Holders content to lie low

Nine FIFA World Cup winners have retained their place in the squad: Daniele De Rossi, Alberto Gilardino, Vicenzo Iaquinta, Andrea Pirlo, Gianluigi Buffon, Gennaro Gattuso, Gianluca Zambrotta, Mauro Camoranesi and Fabio Cannavaro. Although just two of these players, Gilardino and De Rossi, are still in their twenties four years down the line from Germany 2006, the squad’s average age has barely jumped at all, from 28.8 to 28.9. That said, this is still the oldest pool of players to represent La Nazionale at the global showpiece, despite the absences of veterans Alessandro del Piero and Francesco Totti, both overlooked this time around.

The future is present
“Everyone has always said that I’m too loyal to the players that lifted the World Cup," said Lippi. "But if you look closely, you’ll find that I’ve changed half the squad compared to the 23 that were in Berlin in 2006. There are also lots of young players that have sufficient experience to come in and do a job. They represent the future of Italian football, but must also be its present. If I had to lead this team for an entire season, I probably would have made other choices. But for a month, it shouldn’t pose a problem. And don’t forget, there’s many a good tune played on an old fiddle.”

The performance of Gennaro Gattuso in Italy’s recent 1-1 draw with Switzerland confirms this theory. Despite having spent practically the entire season on the bench at AC Milan, ‘Ringhio’ demonstrated why his coach has such confidence in him, putting in a performance full of energy and fighting spirit.

Don’t forget, there’s many a good tune played on an old fiddle.
Marcello Lippi defends his 'oldies'

An old hand at ignoring media criticism and hype, Lippi has overseen a changing of the guard in defence, bringing in the burgeoning talents of Salvatore Bocchetti and Leonardo Bonucci, both 23 years of age. New faces can be found in midfield too, where Riccardo Montolivo, 25, and Claudio Marchisio, 24, have a good chance of featuring at some point. The Italian coach is a keen admirer of the latter, seeing in him a key player in the making: “He is adept at finding space and is always ready to take opportunities that present themselves.”

In attack, Gilardino remains an unassailable first choice, but Giampaolo Pazzini and last-gasp call-up Fabio Quagliarella both reminded Lippi of their presence during Italy’s recent warm-up matches. And it would be foolish to forget the in-form Antonio di Natale, top scorer in Serie A last season with 29 goals. This abundance of striking talent should allow the defending champions to start with three up front, supported by a more solid-looking midfield and defence.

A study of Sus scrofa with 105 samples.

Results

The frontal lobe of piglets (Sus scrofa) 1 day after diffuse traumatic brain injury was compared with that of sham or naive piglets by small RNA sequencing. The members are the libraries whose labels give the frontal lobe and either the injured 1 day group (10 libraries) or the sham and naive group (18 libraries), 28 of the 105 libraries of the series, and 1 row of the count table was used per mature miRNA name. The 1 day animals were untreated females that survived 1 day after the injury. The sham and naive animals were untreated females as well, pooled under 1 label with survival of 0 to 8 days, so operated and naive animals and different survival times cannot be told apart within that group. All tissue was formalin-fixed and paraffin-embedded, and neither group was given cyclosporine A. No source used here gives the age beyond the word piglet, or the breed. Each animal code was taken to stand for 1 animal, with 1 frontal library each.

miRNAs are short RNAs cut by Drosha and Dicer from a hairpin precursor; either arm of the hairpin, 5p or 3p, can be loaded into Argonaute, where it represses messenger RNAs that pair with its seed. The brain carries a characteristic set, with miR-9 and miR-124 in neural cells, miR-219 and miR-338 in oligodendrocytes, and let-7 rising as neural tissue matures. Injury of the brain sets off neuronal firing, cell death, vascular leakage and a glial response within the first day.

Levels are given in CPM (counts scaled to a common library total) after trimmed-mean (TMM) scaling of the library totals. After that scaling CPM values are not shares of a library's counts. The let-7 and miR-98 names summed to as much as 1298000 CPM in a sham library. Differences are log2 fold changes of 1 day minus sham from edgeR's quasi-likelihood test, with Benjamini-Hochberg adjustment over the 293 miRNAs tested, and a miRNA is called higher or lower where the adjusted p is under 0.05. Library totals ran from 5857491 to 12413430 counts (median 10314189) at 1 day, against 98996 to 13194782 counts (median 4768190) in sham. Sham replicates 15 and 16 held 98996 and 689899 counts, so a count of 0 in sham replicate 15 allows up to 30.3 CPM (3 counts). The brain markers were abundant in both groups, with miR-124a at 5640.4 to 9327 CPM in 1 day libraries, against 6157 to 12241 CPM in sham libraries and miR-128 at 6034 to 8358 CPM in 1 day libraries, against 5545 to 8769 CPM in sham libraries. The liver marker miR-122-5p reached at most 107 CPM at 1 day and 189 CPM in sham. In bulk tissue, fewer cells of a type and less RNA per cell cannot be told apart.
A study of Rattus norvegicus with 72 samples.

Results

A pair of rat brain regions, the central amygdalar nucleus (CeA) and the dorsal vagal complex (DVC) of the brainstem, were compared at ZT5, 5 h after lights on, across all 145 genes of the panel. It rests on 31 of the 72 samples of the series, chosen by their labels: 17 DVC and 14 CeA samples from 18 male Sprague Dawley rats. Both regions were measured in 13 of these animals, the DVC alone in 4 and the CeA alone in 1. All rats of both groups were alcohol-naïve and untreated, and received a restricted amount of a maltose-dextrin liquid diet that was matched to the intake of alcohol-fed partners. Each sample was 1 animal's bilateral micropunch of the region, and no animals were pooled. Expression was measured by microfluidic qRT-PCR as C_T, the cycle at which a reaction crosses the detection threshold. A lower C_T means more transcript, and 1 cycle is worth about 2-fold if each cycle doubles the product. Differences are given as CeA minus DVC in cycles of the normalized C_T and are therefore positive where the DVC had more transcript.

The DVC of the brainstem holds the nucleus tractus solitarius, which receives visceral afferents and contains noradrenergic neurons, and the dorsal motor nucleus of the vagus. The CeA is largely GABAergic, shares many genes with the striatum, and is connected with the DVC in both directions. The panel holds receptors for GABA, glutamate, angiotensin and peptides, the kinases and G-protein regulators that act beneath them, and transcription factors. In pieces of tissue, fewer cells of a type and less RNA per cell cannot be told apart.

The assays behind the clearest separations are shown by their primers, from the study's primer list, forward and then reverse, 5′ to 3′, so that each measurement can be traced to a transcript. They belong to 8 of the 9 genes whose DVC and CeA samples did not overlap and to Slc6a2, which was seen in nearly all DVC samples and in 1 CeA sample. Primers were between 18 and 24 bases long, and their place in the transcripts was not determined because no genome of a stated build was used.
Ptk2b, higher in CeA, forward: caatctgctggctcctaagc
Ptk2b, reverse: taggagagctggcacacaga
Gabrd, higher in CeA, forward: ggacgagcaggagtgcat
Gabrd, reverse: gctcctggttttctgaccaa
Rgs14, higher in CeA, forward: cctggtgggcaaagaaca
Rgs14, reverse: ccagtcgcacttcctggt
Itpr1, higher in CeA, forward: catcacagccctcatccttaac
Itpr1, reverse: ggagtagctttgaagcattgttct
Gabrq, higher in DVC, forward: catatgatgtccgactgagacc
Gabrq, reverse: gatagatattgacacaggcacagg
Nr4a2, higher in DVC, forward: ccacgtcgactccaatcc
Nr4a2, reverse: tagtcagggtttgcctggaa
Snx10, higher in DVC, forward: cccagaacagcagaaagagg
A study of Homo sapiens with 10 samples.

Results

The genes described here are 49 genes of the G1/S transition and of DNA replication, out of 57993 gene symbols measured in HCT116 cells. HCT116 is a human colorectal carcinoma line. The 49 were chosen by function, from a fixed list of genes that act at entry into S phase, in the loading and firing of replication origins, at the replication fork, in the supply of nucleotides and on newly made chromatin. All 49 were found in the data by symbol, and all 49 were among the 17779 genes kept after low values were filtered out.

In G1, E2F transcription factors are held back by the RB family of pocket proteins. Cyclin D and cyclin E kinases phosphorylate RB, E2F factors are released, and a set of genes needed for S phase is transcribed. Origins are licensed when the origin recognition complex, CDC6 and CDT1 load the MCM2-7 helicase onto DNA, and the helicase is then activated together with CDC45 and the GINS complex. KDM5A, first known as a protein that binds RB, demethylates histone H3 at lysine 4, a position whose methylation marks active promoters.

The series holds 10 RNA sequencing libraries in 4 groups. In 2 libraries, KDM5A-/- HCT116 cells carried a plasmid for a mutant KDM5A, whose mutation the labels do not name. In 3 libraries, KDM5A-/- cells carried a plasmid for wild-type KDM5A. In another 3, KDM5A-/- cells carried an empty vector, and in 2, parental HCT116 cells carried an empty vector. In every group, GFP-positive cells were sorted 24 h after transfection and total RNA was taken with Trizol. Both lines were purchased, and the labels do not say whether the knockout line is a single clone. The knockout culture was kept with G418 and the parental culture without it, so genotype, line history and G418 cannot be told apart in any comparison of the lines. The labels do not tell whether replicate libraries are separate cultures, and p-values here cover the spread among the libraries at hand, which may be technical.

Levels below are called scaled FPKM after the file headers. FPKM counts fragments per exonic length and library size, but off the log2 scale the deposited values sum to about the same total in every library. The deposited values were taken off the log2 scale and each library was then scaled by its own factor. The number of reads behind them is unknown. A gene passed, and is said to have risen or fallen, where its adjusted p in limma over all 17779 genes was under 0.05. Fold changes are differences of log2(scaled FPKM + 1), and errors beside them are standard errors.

Match point
Injuries to Camoranesi and Pirlo prevented Lippi from trying out everything he had in mind in the games against Mexico and Switzerland. This does not appear to worry the wily coach, but he is a man with a good memory. After all, Italy also failed to win one single preparatory friendly match in the run-up to the 1998, 2002, and 2006 FIFA World Cups. The country’s last victory in a warm-up dates back to 1994 versus Costa Rica.

In fact, Italian fans, among the most superstitious in the world, came close to actually welcoming the draw with the Swiss. After all, the Helvetians also served as final sparring partners for the Squadra Azzurri in 1982 and in 2006. Each time the match ended in a 1-1 draw and each time Italy went on to secure the FIFA World Cup.

Lippi’s aura of calm can also be explained by the fact that there is much less pressure on him this time, given that he already knows that, whatever happens, he will hand over the reins to his successor Cesare Prandelli at the conclusion of South Africa 2010. In the meantime, pleased with the high levels of confidence in his squad, he has simply asked that his players take inspiration from current events: “I want to have eleven Schiavones in the team every time we play,” he says, making reference to the Italian female tennis player who pulled off a surprise win at the French Open last weekend.